May 19, 2005 Comments Off on Shramadana
Colombo, Sri Lanka
For Savodaya, networks run deep – deep between the hearts and souls of the villages where they have worked for 47 years.
Working in all parts of the country, Sarvodaya is Sri Lanka’s largest and oldest NGO. One of their biggest tasks in the past five months has, of course, been responding to the impact of the devastating tsunami that hit Sri Lanka on December 26, 2004. Initially, they provided relief – food, temporary shelter, solace. Now they are helping to rebuild homes, lives and local economies all around Sri Lanka’s coast.
When IDRC colleagues and I visited Sarvodaya’s head office south of Colombo, we toured a room with posters documenting this post-tsunami work. Each handmade poster illustrated a particular tsunami response program, or the nature of the damage in regions with Sarvodaya district offices. There was also a map. A very interesting map …
… the map had red pins for district offices in tsunami-affected areas, and green pins for offices located in Sri Lanka’s interior. Thick, coloured string connected pairs of green and red pins, representing the fact that offices were paired up immediately after the crisis. People from the interior offices quickly sprung into action to help people in the coast areas they were twinned with. And, now, they continue with rehabilitation efforts.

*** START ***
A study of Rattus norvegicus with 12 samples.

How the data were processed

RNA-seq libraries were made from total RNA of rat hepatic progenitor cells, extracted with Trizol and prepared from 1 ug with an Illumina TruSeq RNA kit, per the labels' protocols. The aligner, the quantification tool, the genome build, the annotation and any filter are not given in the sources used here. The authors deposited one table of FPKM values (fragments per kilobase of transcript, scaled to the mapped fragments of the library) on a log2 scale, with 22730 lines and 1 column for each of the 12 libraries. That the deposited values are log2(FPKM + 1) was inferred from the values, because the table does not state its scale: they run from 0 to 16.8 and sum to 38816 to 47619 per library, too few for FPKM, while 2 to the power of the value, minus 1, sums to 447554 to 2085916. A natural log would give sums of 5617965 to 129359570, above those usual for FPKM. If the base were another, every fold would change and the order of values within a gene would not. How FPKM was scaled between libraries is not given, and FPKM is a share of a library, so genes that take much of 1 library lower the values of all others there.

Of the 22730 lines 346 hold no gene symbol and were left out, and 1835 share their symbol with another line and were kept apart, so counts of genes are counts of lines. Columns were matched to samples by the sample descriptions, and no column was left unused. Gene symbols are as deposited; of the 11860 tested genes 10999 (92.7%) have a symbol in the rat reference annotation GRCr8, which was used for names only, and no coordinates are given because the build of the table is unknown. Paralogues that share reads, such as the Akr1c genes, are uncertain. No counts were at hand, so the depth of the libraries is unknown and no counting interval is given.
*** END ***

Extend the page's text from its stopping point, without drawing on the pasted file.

What stuck me in this was that, without the explanation we’d received, the pins and string could easily be mistaken for a network map. Backbones. Exchanges. Hubs. And, in a way, that’s exactly what it was. It was a map of the deep networks that Sarvodaya has been able to build within and between villages in Sri Lanka, even through a time of war. These networks run deep, and respond fast.
Like any good network, the map was built on one of Sarvodaya’s key principles — shramadana, or sharing energy. Of course, I’d never heard the Sinhalese word shramadana before. But I’ve known for a long time that it’s exactly the thing that makes networks real … and impactful. People connecting to people – playing, helping, learning together. That’s what provides the fuel for most effective networks.
Out on the road, with the aim of building networks amongst telecentre operators, it was a real gift to learn this new word. For this I am very grateful to Sarvodaya.